By Michael Goldstein
By Dennis Romero
By Sarah Fenske
By Matthew Mullins
By Patrick Range McDonald
By LA Weekly
By Dennis Romero
By Simone Wilson
"It was a waste of time, like lunch in a classroom," Reed says, clutching a cell phone and a book bag covered in purple hearts. The sub had so little control that students littered on the floor and "would write graffiti on the board."
She says substitutes were "babysitting" instead of teaching, which caused students to slip behind. Despite help from the permanent teacher finally brought in, Reed herself hasn't caught up on the material she missed. Yet she faces a standardized test this month.
"Most kids have trouble at home, and they come here to get away from it," Reed says of Markham. "They come for stability, and they get all these subs. It's unfair. And we're the future."
She said Principal Sullivan held the school together with humor and commitment. "Without him, it would be chaos." Yet this fall, even Sullivan is on the chopping block.
Another plaintiff, eighth-grader Liliane Rodriguez, was getting an F in history — as 10 substitutes paraded through her history class last fall.
This month she was named "most improved student" and got a B in history, after getting a "real" teacher. A petite girl with fingernails each painted a different color, who hopes to attend UCLA to be a pediatric nurse, Rodriguez says the LAUSD substitutes repeated the same lessons, then kicked her out when she complained.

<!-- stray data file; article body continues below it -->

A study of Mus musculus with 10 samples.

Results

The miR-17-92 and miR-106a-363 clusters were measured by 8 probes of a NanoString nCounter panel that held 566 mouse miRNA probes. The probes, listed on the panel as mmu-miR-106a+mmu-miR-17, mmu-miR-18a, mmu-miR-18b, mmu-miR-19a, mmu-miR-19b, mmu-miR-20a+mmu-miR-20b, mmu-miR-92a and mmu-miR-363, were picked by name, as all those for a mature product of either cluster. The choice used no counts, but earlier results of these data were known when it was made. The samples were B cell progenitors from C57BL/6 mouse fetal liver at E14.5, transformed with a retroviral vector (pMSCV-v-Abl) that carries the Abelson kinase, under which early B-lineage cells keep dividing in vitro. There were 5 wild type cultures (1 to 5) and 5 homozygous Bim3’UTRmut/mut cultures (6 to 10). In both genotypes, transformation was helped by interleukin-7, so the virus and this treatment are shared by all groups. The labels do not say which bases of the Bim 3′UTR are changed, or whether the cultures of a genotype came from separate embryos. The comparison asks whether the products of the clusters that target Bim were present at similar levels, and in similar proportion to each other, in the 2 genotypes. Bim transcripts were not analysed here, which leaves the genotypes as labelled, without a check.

In March, shortly after the ACLU filed its lawsuit, 34 of Markham's 70 teachers and long-term subs were notified that they wouldn't be returning this fall. So were 26 of the 78 teachers at Gompers.
At Liechty, where 72 percent of returning teachers were laid off last year, with half later returning as subs, only 11 core-subject teachers are considered safe from layoffs this fall.
While Duffy talks of insufficient funding, LAUSD wasted hundreds of thousands of dollars training these new teachers — then forcing them out under the union's "last-hired" rule. Sullivan estimates his school spent $1.5 million, including about $300,000 from the mayor's Partnership, on professional development and educational resources — only to see much of it disappear.
Marshall Tuck, the Partnership's CEO, says that if the judge upholds the layoffs, "Markham and Gompers will be forced to repeat the cycle of teacher vacancies, substitutes and stop-gap measures that have left these schools reeling."
Joan Sullivan, Villaraigosa's deputy mayor for education, says the mayor supports the ACLU lawsuit and is "interested in the question of how to gain greater flexibility, and local empowerment and control. ... He is also committed to in-district reform working with the union."
Nick Melvoin, 24, an enthusiastic teacher of English as a second language who came from Teach for America and who is deeply committed to the inner city, returned to Markham as a long-term sub this year. Then he got a permanent job. He's being laid off in June.
"A higher moral calling can only sustain a young teacher for so long," says Melvoin, his tidy classroom walls resplendent with students' work.